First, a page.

I remember reading a post about how this woman's daughter loved the name she gave her when she had to do a report on the history of her name for school. Her name was Kestrel. I loved it too. I thought that this was an awesome animal name the moment I first saw it.
Kestrel (pronounced "KES-trel") is the name of a type of falcon. It's derived from the Old French crecelle, meaning "rattle." This is in reference to the sound of the bird's cry.
Kestrels differ from other falcons in a number of ways. First is their coloring, they have light brown feathers. This plumage is slightly different between male and female kestrels, and the female kestrel is usually bigger. Their hunting behavior is also unique. They can hover over a field at 10 to 20 meters before swooping down on their prey. Types of kestrels exist all over the world. They have adapted very well to urban environments, often living on buildings and by roads.
Many designers have been inspired by the bird. Kestrel is the name aircrafts, spacecrafts, a train, a helicopter, and a glider. The bird appears in literature and movies. The novel A Kestrel for Knave by Barry Hines is about a troubled boy who's only solace is training his kestrel. It inspired the movie adaptation Kes, which remains a classic in England. This name has also been used in fiction. Kestrel is worn by many video game characters. The webcomic Queen of Wands features a Pagan character named after this bird. The Melbourne Kestrels is an Australian netball team.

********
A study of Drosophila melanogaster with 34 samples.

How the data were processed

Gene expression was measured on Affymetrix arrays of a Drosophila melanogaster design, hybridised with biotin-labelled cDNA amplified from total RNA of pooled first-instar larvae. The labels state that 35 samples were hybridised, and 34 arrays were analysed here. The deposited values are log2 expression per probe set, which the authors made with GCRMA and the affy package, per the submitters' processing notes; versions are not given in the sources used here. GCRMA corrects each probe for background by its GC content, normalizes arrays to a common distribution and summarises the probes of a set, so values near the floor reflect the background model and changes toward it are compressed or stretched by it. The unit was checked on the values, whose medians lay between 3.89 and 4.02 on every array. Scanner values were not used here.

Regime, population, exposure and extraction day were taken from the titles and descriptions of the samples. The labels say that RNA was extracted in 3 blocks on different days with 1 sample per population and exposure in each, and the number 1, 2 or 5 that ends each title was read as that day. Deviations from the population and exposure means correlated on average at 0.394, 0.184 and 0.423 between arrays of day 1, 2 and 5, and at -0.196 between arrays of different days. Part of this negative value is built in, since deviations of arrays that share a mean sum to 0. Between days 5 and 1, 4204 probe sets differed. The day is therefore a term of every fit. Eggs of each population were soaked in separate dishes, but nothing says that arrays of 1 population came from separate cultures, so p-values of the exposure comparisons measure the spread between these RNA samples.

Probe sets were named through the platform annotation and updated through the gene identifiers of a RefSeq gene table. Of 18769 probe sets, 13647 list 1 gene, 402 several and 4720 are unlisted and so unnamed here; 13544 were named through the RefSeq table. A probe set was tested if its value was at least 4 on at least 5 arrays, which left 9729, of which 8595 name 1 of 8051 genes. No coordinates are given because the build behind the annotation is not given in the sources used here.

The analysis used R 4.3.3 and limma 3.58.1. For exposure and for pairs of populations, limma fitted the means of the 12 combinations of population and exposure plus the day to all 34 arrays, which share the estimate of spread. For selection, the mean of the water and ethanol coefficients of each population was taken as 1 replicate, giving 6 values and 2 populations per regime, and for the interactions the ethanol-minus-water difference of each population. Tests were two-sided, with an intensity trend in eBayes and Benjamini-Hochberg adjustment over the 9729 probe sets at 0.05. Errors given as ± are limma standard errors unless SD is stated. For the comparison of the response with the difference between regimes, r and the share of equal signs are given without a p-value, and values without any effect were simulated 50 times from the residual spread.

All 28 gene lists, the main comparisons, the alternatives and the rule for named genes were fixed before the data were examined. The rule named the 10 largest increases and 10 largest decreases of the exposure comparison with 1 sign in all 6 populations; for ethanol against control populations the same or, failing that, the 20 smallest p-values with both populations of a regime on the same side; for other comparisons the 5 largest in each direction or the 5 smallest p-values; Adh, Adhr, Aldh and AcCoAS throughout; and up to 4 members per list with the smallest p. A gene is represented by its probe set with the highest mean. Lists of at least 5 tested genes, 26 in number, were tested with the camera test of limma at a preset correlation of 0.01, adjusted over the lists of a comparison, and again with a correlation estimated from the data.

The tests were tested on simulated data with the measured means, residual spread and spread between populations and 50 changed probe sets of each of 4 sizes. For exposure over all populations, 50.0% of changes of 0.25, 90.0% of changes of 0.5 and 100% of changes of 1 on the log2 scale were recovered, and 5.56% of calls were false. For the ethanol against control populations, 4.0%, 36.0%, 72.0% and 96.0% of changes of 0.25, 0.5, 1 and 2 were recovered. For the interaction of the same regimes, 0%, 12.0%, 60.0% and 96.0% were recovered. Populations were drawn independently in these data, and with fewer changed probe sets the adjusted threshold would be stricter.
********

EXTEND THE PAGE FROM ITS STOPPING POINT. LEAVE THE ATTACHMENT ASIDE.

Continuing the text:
There seems to be a disagreement as to which gender this name belongs to. Some are bizarrely insistent that it's a girls name (maybe because the female kestrel is physically larger, but I doubt that most people know that). Other sources list it solely as a boys name. I'm not sure why they don't just say it's unisex, because it would work great for either.
I keep wanting to say that it has a Medieval flair, although that's not logical at all. Of course it wasn't used as a name back then. It does have a woodsy, fantasy-Medieval feel to it, though. And I always picture it on a young knight, no matter if it's on a boy or a girl (hey, Joan of Arc wore a suit of armor). Kestrel is a name I would definitely pick for a child.